Tech Insights

Aluminum Alloy May Enable Stronger, Faster Power Transmission

May 24, 2024 by Liam Critchley

Could a stronger, more conductive aluminum alloy upgrade outdated transmission cables?

In power lines, conductive cables transfer energy over long distances across the grid to distribute it where needed. Most power lines are made from metallic conductors and alloys. Cables comprise an aluminum outer wrap housing a less conductive but stronger core material, often steel. These are known as aluminum-conductor steel-reinforced cables.

NanoAL, a materials research startup, is developing a stronger, more conductive aluminum alloy steel-core cable designed to replace conventional wires for improved energy transmission. 


Transmission cables.

Transmission cables. Image used courtesy of Pexels


Traditional Power Line Weaknesses

Most power lines are based on a 1908 patent and require upgrading to carry more electricity to meet modern society’s growing energy needs. Studies show if the U.S. uses commercially advanced conductor materials in the grid’s power cables, it could save consumers up to $140 billion and prevent 2.4 billion tons of carbon emission over the next ten years.

Developing advanced material systems tailored to grid cables rather than off-the-shelf conductor materials can further improve these numbers. Advanced conductor materials might reduce the need to increase the number of power lines across the U.S. while also decarbonizing the power grid.

Most transmission lines today are built from aluminum wrapped around a steel core. Steel's strength protects the lines from sagging in adverse weather conditions, such as high winds and snow, and slows general material degradation over time. However, despite steel’s mechanical benefits, it is not an ideal conductor material. Steel is about only 10% as conductive as aluminum. While making the cables completely out of aluminum would increase conductivity, the lines would weaken, sag, and break quickly.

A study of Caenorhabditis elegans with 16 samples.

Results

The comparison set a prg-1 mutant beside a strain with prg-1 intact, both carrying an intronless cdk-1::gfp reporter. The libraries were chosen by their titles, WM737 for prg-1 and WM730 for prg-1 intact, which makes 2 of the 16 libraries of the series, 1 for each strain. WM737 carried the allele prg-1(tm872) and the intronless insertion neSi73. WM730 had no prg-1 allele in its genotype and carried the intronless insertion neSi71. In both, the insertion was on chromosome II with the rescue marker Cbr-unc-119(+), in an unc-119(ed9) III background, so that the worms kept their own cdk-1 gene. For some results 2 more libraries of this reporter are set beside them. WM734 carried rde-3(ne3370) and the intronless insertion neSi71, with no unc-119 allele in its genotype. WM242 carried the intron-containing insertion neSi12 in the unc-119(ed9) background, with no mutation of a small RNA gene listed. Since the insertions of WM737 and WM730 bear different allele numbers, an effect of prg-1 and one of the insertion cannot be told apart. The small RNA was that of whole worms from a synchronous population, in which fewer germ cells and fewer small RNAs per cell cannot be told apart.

Conductive but Strong Aluminum Alloy

NanoAL has been improving the interplay of mechanical strength and electrical conductivity by developing an aluminum alloy 60% stronger than other aluminum alloys today. It is 700% more conductive than traditional steel cores. Moreover, the alloys are 19% stronger than traditional steel cores, with a tensile strength of over 500 MPa and a specific strength of 189 MPa*cm3/g.


NanoAL’s alloy compared to other materials

NanoAL’s alloy compared to other materials. Image used courtesy of NanoAL


Copper is the more conductive metal used in other cable applications but is unsuitable for transmission lines for several reasons. NanoAL’s aluminum alloy has an electrical conductivity approaching 48% of standard annealed copper, showing its high conductivity level and potential.

NanoAL’s proposed cable uses its aluminum alloy Nano 6000-T9 as its core. It’s wrapped in an aluminum 1350 alloy with over 99.5% aluminum but a relatively high iron and silicon content (compared to other alloying elements) to improve its strength through solid solution strengthening.

As the U.S. builds more wind and solar plants in remote locations, transmission lines will be exposed to harsh weather, such as strong winds, sun rays, and localized heating. Cables must be improved to withstand these environmental effects. Switching out the steel core for conductive but reinforced aluminum materials could also make transmission cables more efficient. In the long run, the improvements could save money and help reduce the grid’s carbon footprint by reducing energy loss.


Collaborations and Scaling Potential 

NanoAL aimed to develop an aluminum alloy with a strength comparable to steel, directly substituting for the high-strength steel used in power lines.

NanoAL worked on the project with General Cable, a subsidiary of the Prysmian Group. These two companies have developed aluminum alloys for various applications in the past. The collaboration helped NanoAL define the customer and application requirements for the cable materials and the scale-up processes required. Next, NanoAL and General Cable will develop commercial potential and scale the material.


Advancing in CABLE Competition

NanoAL is a finalist in the Department of Energy’s competition for Conductivity-Enhanced Materials for Affordable, Breakthrough Leapfrog Electric and Thermal Applications (CABLE). The winners will receive $500,000 to develop their materials further.